Significance and Use
6.1 A primary use intended for this practice is for qualifying ASTM International Standards as Standard Test Methods. In the past, a “Precision and Bias” report has been required. However, recently a statement of uncertainty has become an acceptable alternative to Guide . Inclusion of such a statement with a method description simplifies comparison of ASTM Test Methods to analogous ISO and Committee for European Normalization (CEN) standards, now required to have uncertainty statements.
6.2 Standardizing the characterization of sampling/analytical method performance is expected to be useful in other applications as well. For example, performance details are a necessity for justifying compliance decisions based on experimental air quality assessments (. Documented uncertainty can form a basis for specific criteria defining acceptable sampling/analytical method performance. )
6.3 Furthermore, high quality atmospheric measurements are vital for making decisions as to how hazardous substances are to be controlled. Valid data are required for drawing reasonable epidemiological conclusions, for making sound decisions as to acceptable limits, as well as for determining the efficacy of a hazard control system.
6.4 Finally, because of developing world-wide acceptance of ISO GUM for detailing measurements when statistics are simple, the practice should be useful in comparing ASTM International Test Methods to other published methods. The codification of statistical procedures may in fact minimize the difficulty in interpreting a plethora of individual, albeit possibly valid, approaches.
1.1 This practice is for assisting developers and users of air quality methods for sampling concentrations of both airborne and settled materials in characterizing measurements as to uncertainty. Where possible, analysis into uncertainty components as recommended in the International Organization for Standardization (ISO) Guide to the Expression of Uncertainty in Measurement (ISO GUM, ()) is suggested. Aspects of uncertainty estimation particular to air quality measurement are emphasized. For example, air quality assessment is often complicated by: the difficulty of taking replicate measurements owing to the large spatio-temporal variation in concentration values to be measured; systematic error or bias, both corrected and uncorrected; and the (rare) non-normal distribution of errors. This practice operates mainly through example. Background and mathematical development are relegated to appendices for optional reading.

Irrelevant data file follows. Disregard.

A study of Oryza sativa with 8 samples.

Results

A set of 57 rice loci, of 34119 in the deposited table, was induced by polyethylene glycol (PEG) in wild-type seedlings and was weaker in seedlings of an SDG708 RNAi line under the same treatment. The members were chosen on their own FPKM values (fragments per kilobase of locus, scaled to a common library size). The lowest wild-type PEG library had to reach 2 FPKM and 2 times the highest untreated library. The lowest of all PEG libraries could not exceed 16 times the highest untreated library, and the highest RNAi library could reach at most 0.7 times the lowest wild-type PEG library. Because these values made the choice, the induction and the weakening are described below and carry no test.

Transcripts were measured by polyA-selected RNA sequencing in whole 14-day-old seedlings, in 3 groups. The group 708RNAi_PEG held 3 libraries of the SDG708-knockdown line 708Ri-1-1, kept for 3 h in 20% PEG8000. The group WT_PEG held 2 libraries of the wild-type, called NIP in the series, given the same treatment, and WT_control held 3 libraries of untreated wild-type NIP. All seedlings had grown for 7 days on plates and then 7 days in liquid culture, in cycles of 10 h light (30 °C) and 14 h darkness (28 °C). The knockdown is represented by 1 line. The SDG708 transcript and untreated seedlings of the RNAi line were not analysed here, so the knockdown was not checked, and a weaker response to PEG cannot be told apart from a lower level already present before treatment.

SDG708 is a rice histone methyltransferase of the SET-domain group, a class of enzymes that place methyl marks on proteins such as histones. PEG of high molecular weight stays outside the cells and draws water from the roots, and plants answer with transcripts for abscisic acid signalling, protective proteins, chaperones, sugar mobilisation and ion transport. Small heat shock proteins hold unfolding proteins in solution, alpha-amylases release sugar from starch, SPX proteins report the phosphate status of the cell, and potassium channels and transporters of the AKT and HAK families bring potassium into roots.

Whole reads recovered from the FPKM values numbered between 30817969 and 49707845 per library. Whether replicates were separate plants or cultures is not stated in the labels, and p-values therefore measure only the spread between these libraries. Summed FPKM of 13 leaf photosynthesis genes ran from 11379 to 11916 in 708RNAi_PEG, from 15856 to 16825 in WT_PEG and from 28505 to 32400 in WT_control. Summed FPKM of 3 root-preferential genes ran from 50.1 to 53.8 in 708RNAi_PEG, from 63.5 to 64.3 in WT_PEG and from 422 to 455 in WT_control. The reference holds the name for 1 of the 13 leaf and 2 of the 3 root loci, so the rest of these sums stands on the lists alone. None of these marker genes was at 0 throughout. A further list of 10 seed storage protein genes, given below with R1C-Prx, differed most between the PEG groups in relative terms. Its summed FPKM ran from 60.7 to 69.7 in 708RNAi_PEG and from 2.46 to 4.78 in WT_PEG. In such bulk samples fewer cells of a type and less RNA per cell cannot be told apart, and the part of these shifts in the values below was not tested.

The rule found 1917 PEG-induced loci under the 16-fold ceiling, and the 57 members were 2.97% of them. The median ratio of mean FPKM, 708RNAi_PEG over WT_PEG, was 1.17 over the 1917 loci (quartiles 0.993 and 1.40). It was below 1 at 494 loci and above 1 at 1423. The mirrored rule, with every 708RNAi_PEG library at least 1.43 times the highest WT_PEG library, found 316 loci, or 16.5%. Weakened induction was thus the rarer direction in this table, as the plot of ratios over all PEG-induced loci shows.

1.2 The values stated in SI units are to be regarded as standard. No other units of measurement are included in this standard.
1.3 This standard does not purport to address all of the safety concerns, if any, associated with its use. It is the responsibility of the user of this standard to establish appropriate safety, health, and environmental practices and determine the applicability of regulatory limitations prior to use.
1.4 This international standard was developed in accordance with internationally recognized principles on standardization established in the Decision on Principles for the Development of International Standards, Guides and Recommendations issued by the World Trade Organization Technical Barriers to Trade (TBT) Committee.